Bumbershoot 2009: Day Three
Right, so you read the coverage of Bumbershoot’s first day on the site and now you’re seeing coverage of its last. “But where is day two,” you’re probably (not) asking yourself right about now? The answer: We don’t work on the sabbath. Okay, so that’s not really true, but it did rain a lot. And we were tired. And our feet did hurt. Also, we’re in our 30s.
But day three of Bumbershoot started out how every day should: With a little disinformation from a dude with a gnarly Afro.
Mirah, from Portland, Oregon, has been making indie folk records for the K label since 1999. Here she waits, arms crossed, to be introduced by the KEXP deejay.
When she was 12, she appeared on the TV series “Double Dare” and won, spending her winnings on The Great Peace March for Global Nuclear Disarmament, which should tell you what her politics are.
She thanked the sky for not raining. At least during her set.
Seattle hip-hop trio Champagne Champagne may have rocked the hardest of all the acts we saw on day three — and they didn’t even have a band.
But they did have deep grooves.
There are no guns or ganstas here, just songs like “Molly Ringwald,” about a girl who looks like her.
“She has tattoos, wears Vans-type shoes,” they rap on the aforementioned track. “Hangs out with punk rock dudes, hardcore shows and PBR brews.”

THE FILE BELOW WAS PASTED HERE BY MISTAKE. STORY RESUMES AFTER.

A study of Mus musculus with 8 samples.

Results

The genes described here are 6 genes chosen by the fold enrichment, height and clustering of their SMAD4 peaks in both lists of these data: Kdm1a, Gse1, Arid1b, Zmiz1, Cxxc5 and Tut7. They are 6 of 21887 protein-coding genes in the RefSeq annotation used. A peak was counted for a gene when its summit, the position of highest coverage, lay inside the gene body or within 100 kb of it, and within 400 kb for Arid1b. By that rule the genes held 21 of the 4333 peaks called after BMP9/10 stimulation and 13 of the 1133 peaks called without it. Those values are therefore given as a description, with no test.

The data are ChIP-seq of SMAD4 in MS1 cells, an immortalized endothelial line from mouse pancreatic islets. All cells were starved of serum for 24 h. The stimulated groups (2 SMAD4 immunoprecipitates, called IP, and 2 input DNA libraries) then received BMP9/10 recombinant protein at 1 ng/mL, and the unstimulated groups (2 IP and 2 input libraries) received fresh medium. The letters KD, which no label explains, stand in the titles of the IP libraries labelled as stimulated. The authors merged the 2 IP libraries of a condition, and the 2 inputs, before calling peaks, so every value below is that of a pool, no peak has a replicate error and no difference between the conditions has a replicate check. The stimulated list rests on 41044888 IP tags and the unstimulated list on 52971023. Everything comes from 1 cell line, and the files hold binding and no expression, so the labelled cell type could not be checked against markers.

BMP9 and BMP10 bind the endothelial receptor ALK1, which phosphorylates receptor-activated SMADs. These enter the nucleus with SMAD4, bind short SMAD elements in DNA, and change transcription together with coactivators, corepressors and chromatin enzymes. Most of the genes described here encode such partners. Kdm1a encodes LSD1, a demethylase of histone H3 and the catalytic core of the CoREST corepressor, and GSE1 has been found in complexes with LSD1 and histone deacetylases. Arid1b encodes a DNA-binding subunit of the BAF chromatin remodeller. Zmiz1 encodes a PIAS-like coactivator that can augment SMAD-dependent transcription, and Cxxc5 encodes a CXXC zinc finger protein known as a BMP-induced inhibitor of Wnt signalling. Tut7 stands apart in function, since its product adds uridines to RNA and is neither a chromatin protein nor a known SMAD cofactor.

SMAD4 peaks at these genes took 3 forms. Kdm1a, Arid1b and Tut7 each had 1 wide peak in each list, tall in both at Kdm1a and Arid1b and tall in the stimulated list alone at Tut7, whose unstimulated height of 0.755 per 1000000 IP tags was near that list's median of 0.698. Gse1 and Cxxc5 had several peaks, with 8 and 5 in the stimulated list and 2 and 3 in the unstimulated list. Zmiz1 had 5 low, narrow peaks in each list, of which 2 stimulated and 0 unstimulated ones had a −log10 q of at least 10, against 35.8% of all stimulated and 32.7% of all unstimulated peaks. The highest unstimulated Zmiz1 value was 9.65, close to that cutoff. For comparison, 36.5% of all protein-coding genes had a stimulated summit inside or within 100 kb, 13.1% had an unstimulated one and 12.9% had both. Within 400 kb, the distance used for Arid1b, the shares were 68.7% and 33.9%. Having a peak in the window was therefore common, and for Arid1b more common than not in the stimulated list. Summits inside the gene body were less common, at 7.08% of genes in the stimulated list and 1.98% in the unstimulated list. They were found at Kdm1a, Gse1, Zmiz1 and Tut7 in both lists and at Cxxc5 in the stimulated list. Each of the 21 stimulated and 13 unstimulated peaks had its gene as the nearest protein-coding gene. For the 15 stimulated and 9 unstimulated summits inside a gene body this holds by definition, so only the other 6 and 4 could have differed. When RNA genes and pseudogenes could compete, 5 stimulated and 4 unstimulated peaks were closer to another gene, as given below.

The Devil Makes Three might look like a punk rock band, but they’re way more Old Crow Medicine Show then they are Rancid — even if they have as many tattoos as that band.
Had we known about their bassist Lucia Turino sooner, she’d have definitely made our Babes of Bass list.
This dude indicates to the band how many testicles he has.
The Santa Cruz, Calif. trio’s latest album, “Do Wrong Right” hit number 1 on the Billboard Bluegrass chart.
The singer of Dead Confederate summoned his best Kurt Cobain by donning a cardigan for the Seattle crowd.
Janelle Monae got her start with Outkast before signing to Diddy’s Bad Boy label.
She gets the day’s foxiest lady on an outdoor stage award — even if she kinda looks like Angelo Moore from Fishbone.
Two-thirds of the Cave Singers may have performed sitting down, but the band still managed a rousing set, comprised mostly of tracks from their two Matador Records LPs.
And with that, our annual six-mile pilgrimage to Bumbershoot concluded, but not before watching enjoyable sets from Metric and Modest Mouse — the festival’s final main stage act — and complaining endlessly about how old we are, how tired we’ve become and how much our goddamn feet hurt. But what else is new?